Ottawa Mayor Larry O\'Brien (centre) stands with Senators hockey team mascots during a rally in support of the Senators run for the Stanley Cup, Thursday May 24, 2007 in Ottawa. The Senators face the Anaheim Ducks in the Stanley Cup final starting Monday. (CP PHOTO/Fred Chartrand)
The rally comes as a new poll suggests the upstart Senators are gaining ground in public support on the Toronto Maple Leafs and Montreal Canadiens, this country's most storied hockey franchises.
But with the Senators set to begin the best-of-seven Cup final against the Anaheim Ducks on Monday night in southern California, it's clear not all hockey fans are ready to accept the notion of a team from the national capital as "Canada's team."
With the Senators flooding the airwaves as the lone Canadian franchise at the dance, a survey by Decima Research last weekend suggests most Canadians still see the Leafs as the team that most represents the country.
Overall, 24 per cent of the just over 1,000 people surveyed between May 17 and 20 named Toronto as Canada's team, while 22 per cent picked the Habs and just 15 per cent chose the Senators.
Among the nearly one-quarter of respondents who identified themselves as avid hockey fans, 27 per cent picked the Leafs, even though they failed to make the playoffs and have been golfing for a month.
For some Leafs fans, the survey result comes as no surprise.
"All of this chatter about the Senator's being 'Canada's Team' is clearly a fallacious argumentum ad populum, being promoted by knuckle-dragging, low-brow types attempting to generate false allegiances," one Leafs die-hard emailed The Canadian Press from Fort Francis, Ont.
"Most long-suffering Leaf fans are patient enough to decline the free ride on this bandwagon. What we lack in pride, is made up for in terms of dignity (and apparently popular support)."
NHL hockey has fallen out of the top 30 rated shows in the all-important Toronto market, and overall ratings for CBC's Hockey Night in Canada were down 15 per per cent in the Ottawa-Buffalo Eastern Conference final compared to last year's western final that featured the Edmonton Oilers.
Even the reigning Miss Canada, Inga Skaya, was photographed this week wearing a Toronto Maple Leafs sweater as part of her "national" costume at the Miss Universe Pageant in Mexico City.
For the 15-year-old modern Senators franchise, winning converts has been a long, hard slog but one the Stanley Cup appearance should give momentum.
Among those hard-core hockey fans, Decima found close to 26 per cent picked the Senators as Canada's team, while 23 per cent chose the Canadiens. That put Toronto, Ottawa and Montreal nearly even among die-hards, considering the poll's margin of error of 3.1 per cent, 19 times in 20.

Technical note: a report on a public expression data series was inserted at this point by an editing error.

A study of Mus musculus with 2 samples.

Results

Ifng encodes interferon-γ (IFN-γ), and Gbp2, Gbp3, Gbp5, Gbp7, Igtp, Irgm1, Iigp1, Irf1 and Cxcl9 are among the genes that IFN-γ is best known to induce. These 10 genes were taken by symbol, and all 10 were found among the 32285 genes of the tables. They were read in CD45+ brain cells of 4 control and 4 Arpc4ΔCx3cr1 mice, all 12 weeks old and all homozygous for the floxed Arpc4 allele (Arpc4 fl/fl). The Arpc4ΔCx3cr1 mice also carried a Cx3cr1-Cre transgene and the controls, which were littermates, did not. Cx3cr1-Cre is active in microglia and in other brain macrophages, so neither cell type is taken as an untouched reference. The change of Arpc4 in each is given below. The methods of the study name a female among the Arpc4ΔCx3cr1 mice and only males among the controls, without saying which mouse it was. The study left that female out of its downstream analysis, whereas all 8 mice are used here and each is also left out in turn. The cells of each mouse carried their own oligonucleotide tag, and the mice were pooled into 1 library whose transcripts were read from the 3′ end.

Cape Breton native Laura Drover was among the 10,000 to 15,000 who thronged into a square around Ottawa City Hall on Thursday, and she conceded she's a late Senators convert.
"Maybe when it was the original six (Canadian teams) I had my Maple Leaf gloves and shin pads, but now it's all Sens all the way," she said, carrying a sign that read "Hunting Season Open for Duck."
Decima CEO Bruce Anderson said that considering the long hockey history Ottawa must overcome, the poll results are quite strong.
"While the rivalry between the Maple Leafs and the Canadiens has been one of the longest running and highest profile story lines in NHL (history). . . the results also show that the Senators have established a claim to a place for themselves in the debate about which is 'Canada's team' of the future, especially among avid followers of the game," said Anderson.
"The possibility of the Senators bringing the Stanley Cup back to Canada for the first time in more than a decade has won the enthusiastic support of millions of Canadians."
Over the past decade, Ottawa watched as its young team became an NHL powerhouse but was denied a Stanley Cup appearance by various playoff disasters - including four times at the hands of the Maple Leafs.
Those frustrating days are over, said Ottawa Mayor Larry O'Brien, who encouraged hockey fans across the country to rally behind the Senators. No Canadian team has won the cup since Montreal in 1993.
"We've paid our dues," O'Brien said after the rally.
"We now have a world class hockey team, we're now a world class city . . . and I think it's all just coming together."
According to Decima, many Canadians agree.
Nearly half of those polled thought it likely the Senators will bring home Lord Stanley's mug, although only 14 per cent consider it a sure thing. Among avid hockey fans, 88 per cent said they think the Senators will win the series.
Nine per cent think they'll lose .
Support for individual teams varies from province to province.
Not surprisingly, 58 per cent of those polled in Quebec picked the Habs as their favourite Canadian team, compared to the Senators at 13 per cent. No other team registered more than one per cent support.
In Ontario, 47 per cent chose the Leafs - more than double the 22 per cent support shown for the Sens, even though Ottawa is also an Ontario team. Another eight per cent of those polled in Ontario picked the Canadiens, while no other team registered more than one per cent support in Ontario.